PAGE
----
Tuesday, February 16, 2016

We found gravity waves and yeah it's a big deal



Last week, an astounding finding was announced in space science.

It's not just any finding. It is something that confirms aspects of Einstein's General Theory of Relativity. Gravity waves have finally been detected through the Laser Interferometer Gravitational-Wave Observatory. Turns out a signal was detected from two black holes located 1.3 billion light years from Earth.

These black holes, one 36 and the other 29 solar masses, collided after orbiting one another at speeds of thousands of times per second. This had the effect of sending 5,000 supernovas worth of energy out into the cosmos as gravity waves. Such waves are literally distortions in space-time, the very fabric of the universe. Einstein predicted such ripples were possible but now the scientific community has confirmation.

It took a while. First, the technology had to be developed to detect gravity waves in the first place. Then something big has to happen in space. I mean big, like a large supernova or certainly two black holes colliding qualifies.

Right about now, I'm thinking at least a few readers may be asking the same question my students often do with a variety of subject matter: "Why should I care?" The urge to ask such a question might be doubly so given that what has been described is out in space.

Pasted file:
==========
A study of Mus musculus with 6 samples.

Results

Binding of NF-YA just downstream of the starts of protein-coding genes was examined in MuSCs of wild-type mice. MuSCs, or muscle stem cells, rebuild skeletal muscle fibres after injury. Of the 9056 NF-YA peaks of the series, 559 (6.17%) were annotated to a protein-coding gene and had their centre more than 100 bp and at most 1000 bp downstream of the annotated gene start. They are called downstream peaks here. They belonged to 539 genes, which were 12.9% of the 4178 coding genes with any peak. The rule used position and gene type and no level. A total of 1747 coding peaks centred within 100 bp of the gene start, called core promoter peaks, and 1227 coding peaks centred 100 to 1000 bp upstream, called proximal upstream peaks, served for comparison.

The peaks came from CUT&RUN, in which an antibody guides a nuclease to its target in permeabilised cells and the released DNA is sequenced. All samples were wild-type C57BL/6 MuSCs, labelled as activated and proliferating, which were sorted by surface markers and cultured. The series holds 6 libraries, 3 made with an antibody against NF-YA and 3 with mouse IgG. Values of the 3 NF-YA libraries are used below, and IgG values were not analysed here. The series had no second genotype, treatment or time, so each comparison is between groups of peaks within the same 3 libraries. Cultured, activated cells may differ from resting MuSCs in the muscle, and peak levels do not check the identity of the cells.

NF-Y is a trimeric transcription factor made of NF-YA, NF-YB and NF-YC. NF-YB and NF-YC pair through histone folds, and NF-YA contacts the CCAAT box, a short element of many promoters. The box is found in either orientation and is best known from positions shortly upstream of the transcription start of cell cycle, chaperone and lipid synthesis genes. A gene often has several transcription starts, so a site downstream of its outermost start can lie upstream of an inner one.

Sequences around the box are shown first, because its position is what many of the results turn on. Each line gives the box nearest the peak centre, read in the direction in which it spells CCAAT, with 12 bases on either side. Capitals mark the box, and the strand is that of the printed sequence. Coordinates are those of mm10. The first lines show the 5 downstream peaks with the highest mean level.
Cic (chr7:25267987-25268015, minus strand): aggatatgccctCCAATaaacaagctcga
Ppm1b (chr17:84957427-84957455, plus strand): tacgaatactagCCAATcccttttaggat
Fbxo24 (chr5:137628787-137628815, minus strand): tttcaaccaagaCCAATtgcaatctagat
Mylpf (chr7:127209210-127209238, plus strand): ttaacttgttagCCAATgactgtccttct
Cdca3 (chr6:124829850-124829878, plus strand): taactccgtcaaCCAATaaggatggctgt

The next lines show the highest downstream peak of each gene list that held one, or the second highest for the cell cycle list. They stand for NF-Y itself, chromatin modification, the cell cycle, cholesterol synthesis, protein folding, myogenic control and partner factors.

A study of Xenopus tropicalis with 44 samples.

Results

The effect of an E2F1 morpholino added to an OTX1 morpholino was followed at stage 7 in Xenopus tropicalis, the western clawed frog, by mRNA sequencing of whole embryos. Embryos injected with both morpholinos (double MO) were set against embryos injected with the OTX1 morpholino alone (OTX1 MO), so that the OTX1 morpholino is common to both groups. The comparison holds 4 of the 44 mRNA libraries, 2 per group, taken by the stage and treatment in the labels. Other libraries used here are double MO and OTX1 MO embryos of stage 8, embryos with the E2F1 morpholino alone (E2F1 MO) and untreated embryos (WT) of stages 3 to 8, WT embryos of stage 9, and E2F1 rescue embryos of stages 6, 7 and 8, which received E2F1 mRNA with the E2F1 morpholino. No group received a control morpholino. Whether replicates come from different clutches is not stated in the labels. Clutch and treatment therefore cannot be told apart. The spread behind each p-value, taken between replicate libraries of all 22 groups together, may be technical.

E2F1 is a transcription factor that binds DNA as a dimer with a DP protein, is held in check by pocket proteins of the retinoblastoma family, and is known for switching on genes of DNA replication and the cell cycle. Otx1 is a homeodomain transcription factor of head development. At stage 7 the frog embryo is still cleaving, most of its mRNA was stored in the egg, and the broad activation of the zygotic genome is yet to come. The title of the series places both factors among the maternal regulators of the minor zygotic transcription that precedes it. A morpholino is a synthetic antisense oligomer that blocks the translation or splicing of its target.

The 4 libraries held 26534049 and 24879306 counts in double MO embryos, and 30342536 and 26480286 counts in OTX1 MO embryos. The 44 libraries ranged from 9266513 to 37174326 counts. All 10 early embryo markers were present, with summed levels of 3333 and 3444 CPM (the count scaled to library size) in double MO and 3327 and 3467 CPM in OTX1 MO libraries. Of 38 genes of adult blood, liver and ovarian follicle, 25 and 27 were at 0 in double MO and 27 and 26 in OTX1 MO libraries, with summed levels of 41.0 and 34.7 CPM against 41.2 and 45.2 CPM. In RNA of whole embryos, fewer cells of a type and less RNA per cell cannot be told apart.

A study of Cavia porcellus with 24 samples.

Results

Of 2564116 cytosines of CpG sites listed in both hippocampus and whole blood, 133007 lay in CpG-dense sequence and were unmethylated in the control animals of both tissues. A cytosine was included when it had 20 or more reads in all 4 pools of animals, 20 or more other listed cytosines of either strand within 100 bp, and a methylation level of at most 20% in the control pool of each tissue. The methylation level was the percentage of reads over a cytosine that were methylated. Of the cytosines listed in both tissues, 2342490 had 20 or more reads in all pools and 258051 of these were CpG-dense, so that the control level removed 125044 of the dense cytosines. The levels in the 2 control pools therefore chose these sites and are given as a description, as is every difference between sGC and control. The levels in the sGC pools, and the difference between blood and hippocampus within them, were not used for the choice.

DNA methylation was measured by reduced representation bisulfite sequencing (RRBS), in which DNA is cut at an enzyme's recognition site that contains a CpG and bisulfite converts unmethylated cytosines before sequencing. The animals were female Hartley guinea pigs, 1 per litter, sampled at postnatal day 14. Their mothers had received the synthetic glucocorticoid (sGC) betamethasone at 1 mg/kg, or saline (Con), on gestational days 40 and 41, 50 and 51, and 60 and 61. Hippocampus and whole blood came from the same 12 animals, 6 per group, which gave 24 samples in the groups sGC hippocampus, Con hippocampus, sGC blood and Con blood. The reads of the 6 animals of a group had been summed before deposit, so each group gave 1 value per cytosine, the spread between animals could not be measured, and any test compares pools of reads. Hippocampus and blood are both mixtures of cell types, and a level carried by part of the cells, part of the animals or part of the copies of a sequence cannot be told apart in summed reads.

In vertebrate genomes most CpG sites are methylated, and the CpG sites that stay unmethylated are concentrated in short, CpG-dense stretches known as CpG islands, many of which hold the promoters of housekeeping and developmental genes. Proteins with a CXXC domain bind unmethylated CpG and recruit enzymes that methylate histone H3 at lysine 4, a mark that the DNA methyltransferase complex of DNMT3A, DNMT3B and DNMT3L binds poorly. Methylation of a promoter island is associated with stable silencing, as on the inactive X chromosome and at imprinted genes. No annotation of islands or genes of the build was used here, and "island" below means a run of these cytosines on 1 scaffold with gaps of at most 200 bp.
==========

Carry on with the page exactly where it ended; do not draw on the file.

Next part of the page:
Why care? Well, first of all it gives us a greater understanding of everything in the universe. That includes us in case you didn't notice. All matter and space is actually vibrating at extremely small rates. Unnoticeable to us, but it's happening and major shockwaves such as those frm the black hole collision allow us to see that. This discovery also allows us to get a better understanding of the force of gravity, something that affects us all the time. There's still a fair amount we don't know about how gravity works, especially in relation to super-massive and dense objects or objects that move at high speeds. Really, anything that opens up any greater understanding of the universe, again the place we all inhabit, is ultimately beneficial to my thinking.

Come on, we just found out space and time can warp. Isn't that cool enough?

We might, I stress might, even eventually learn how to manipulate gravity waves. Of course there are all kinds of speculations bouncing about in that regard or maybe that has more to do with my Internet circles. Does this mean time travel is possible? Could aliens use gravity waves to communicate with us? Or vice versa? Is this just part of a long line of "discoveries" meant to desensitize us for disclosure? Here's how that line of thinking goes:

1. Space and time can be warped so that might lead to practical interstellar travel. A wormhole, maybe! Yes, for all you Matthew McConaughey fans out there, that's a nod.

2. There's bacteria found on Mars or somewhere nearby.

3. Actually, there's intelligent life out there. We just found a signal. But they're far away.

4. Well, maybe they're not that far away.

5. Ok, you remember point 1? Well, they could probably get here.

I'm not agreeing with such things, but it is fun to think about. The discovery of gravity waves is sufficiently significant in its own right without having to graft anything else fantastic atop it.

Gaining a greater understanding of the cosmos is no small accomplishment.